A delicate truth

Helga’s Post #45 — In a previous post, Karalee raised the question of whether a writer can convincingly write about fear if he/she has never experienced it. Or sorrow, hatred or any of our emotions.

At first I thought the answer should be obvious, because we are all capable of a full range of emotions. Not only capable, but experiencing all these emotions along life’s path.

But the more I thought about it, the less obvious it became. It’s an interesting debate, and a philosophical one as well.

Let’s start with the emotion of fear. We all know what it feels like. It’s part of our DNA, a survival mechanism. Fear is an emotional response to actual danger (as opposed to anxiety – the response to imagined threat) Without the capacity to feel fear we would be dead. Fear warns us of danger and if the brain gives the signal it produces adrenalin to give us sometimes super-human strength and capacity for fight or flight.  It’s probably the one emotion (other than love) that most authors can convincingly put down on paper.

But it’s not that simple. There are many nuances of fear, such as fright, dread, horror, panic, anxiety, acute stress reaction and anger.

This is where talent shows through, where wheat separates from chaff, even if a writer has not experienced the full range. Take Stephen King’s ‘Misery’ as an example. Did he ever feel naked fear in real life the way he made his character Paul Sheldon feel when he was held captive for weeks by Annie Wilkes who eventually chopped off his foot? Not likely. It’s King’s vivid imagination and impeccable research that make him such a great writer. He can put himself in his characters’ mind as if he’s living their life. Without having lived through all these challenging emotions himself.

Kathy Bates in 'Misery'

Kathy Bates in ‘Misery’

Love is another feeling that most people have experienced in one form or another. Not only romantic love. Mother’s love, love for your kids, love for a dog or cat, love for one’s country or a deity. We know what it feels like, so we are able to convey it in our stories. But it won’t guarantee we can do it well. Not by itself. That’s where writing skills and passion are needed.

There are many more emotions, a veritable alphabet soup from A to Z, from affection to apathy to worry and zeal. Some recurring themes in novels, are desire, guilt, grief, joy, regret, and hatred.

Back to the question of whether we have to experience something in order to convincingly write about. I don’t believe so. In certain situations, it definitely helps. Like in describing settings. I have never written about a location that I have never been to, because I want to convey how I experienced the place with all my senses. Not a postcard-like description, but the whole package. The sound of traffic or human voices, the smell of food, people, nature, the feel of humidity, the colour of the sky. All of it.

But for other scenes, research alone can take me a long way. And that includes those emotions my characters feel that I have not experienced myself. I cannot think of a time in my life when I truly felt hatred. Resentment, sure. Loathing, yes. Outrage too. But pure hatred? I am sure most people haven’t in its most passionate form. And yet, hatred is the emotion that often provides the motive as well as the motivation for our protagonists and antagonists. It most often drives the plot and keeps the fire of the story burning. That’s where we writers have to reach deep, use our imagination and passion to make it sound real. To nail the story and have readers remember it long after they finished reading the book.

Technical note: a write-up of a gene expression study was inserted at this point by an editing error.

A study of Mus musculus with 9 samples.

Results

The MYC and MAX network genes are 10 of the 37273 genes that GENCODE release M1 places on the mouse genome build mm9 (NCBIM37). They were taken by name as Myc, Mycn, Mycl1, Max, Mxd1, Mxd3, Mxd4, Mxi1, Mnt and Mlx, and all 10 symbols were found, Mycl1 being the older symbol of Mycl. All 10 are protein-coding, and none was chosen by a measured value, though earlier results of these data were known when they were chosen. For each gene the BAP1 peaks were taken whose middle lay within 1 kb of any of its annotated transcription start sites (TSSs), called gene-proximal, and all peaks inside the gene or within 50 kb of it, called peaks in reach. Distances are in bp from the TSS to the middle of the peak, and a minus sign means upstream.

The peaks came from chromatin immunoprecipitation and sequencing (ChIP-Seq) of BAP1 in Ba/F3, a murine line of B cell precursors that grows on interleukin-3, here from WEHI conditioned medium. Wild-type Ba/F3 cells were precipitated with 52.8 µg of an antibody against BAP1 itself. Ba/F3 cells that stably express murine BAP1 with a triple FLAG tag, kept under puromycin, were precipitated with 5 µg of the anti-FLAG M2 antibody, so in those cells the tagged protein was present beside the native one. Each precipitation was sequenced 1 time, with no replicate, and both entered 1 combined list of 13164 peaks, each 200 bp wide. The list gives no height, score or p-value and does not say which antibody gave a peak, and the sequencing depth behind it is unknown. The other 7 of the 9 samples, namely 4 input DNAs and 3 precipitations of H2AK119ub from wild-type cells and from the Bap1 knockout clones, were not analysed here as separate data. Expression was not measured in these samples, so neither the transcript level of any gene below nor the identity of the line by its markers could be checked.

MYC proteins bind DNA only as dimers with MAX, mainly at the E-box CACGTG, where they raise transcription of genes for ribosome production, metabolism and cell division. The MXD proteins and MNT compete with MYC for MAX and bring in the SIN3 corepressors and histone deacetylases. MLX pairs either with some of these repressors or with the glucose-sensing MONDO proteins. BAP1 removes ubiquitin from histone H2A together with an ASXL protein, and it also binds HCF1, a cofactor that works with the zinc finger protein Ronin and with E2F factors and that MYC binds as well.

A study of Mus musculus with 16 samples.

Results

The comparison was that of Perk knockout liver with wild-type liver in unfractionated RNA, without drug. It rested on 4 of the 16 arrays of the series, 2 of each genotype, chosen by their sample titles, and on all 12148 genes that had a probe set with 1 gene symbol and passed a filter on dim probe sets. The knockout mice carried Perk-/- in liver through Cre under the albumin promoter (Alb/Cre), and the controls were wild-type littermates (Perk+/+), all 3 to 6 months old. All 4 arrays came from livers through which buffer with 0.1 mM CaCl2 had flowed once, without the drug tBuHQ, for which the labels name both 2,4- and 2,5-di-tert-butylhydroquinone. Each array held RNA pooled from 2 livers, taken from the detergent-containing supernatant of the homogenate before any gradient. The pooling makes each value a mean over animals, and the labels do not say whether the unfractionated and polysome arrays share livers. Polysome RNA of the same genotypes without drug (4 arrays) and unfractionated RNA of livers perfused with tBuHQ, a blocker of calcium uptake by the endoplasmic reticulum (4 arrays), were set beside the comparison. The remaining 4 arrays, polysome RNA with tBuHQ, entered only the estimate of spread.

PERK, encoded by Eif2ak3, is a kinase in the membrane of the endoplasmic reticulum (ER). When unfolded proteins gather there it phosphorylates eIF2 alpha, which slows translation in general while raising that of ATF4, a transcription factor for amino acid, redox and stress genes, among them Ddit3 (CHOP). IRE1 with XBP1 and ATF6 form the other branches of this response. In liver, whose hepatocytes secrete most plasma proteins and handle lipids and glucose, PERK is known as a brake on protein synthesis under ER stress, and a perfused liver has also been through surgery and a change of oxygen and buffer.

All to say, good writers can invent a great deal. As Silk said in her last post, ‘Trust your instincts.’ We don’t need to have experienced the full range of emotions we are writing about. I don’t have to suck a lemon to know it tastes sour.

Other emotions however are more difficult to simply invent. Like the feeling of outrage. It’s difficult to write passionately about it if the writer doesn’t know what it feels like, if he/she cares little or none for the issue. Here is an example of a quiet but burning outrage that clearly reflects the writer’s own values:

“Our power knows no limits, yet we cannot find food for a starving child, or a home for a refugee. Our knowledge is without measure and we build the weapons that will destroy us. We live on the edge of ourselves, terrified of the darkness within. We have harmed, corrupted and ruined, we have made mistakes and deceived.”

That is passion. That is outrage. It’s the power of the written word.

Can you guess the writer?

4 thoughts on “A delicate truth

  1. A great discussion of emotions, Helga. These need to be our stock in trade, and too often I think writers don’t let the passion come through (Don Maass writes a lot about this). You’re right on here! The mystery quote … it could have come from so many revered leaders. From Mandela to Clinton. But I should have known whose words you would choose, as I discovered when I googled it. Fantastic stuff!

  2. Thanks, Silk! Yes, it could have been a quote from Mandela or Clinton, or a number of other leaders. Same passion, but perhaps with a little less eloquence.

  3. As someone who’s not terribly open about her emotions, I often portray my characters the same way, especially in early drafts. Letting them express their feelings, especially ones I don’t share, is really difficult. But I have to remind myself that readers can’t bond with a character who holds too much back.

    I thought the quote could have been from one of the Kennedys or Mother Theresa. Interesting to see who really said it!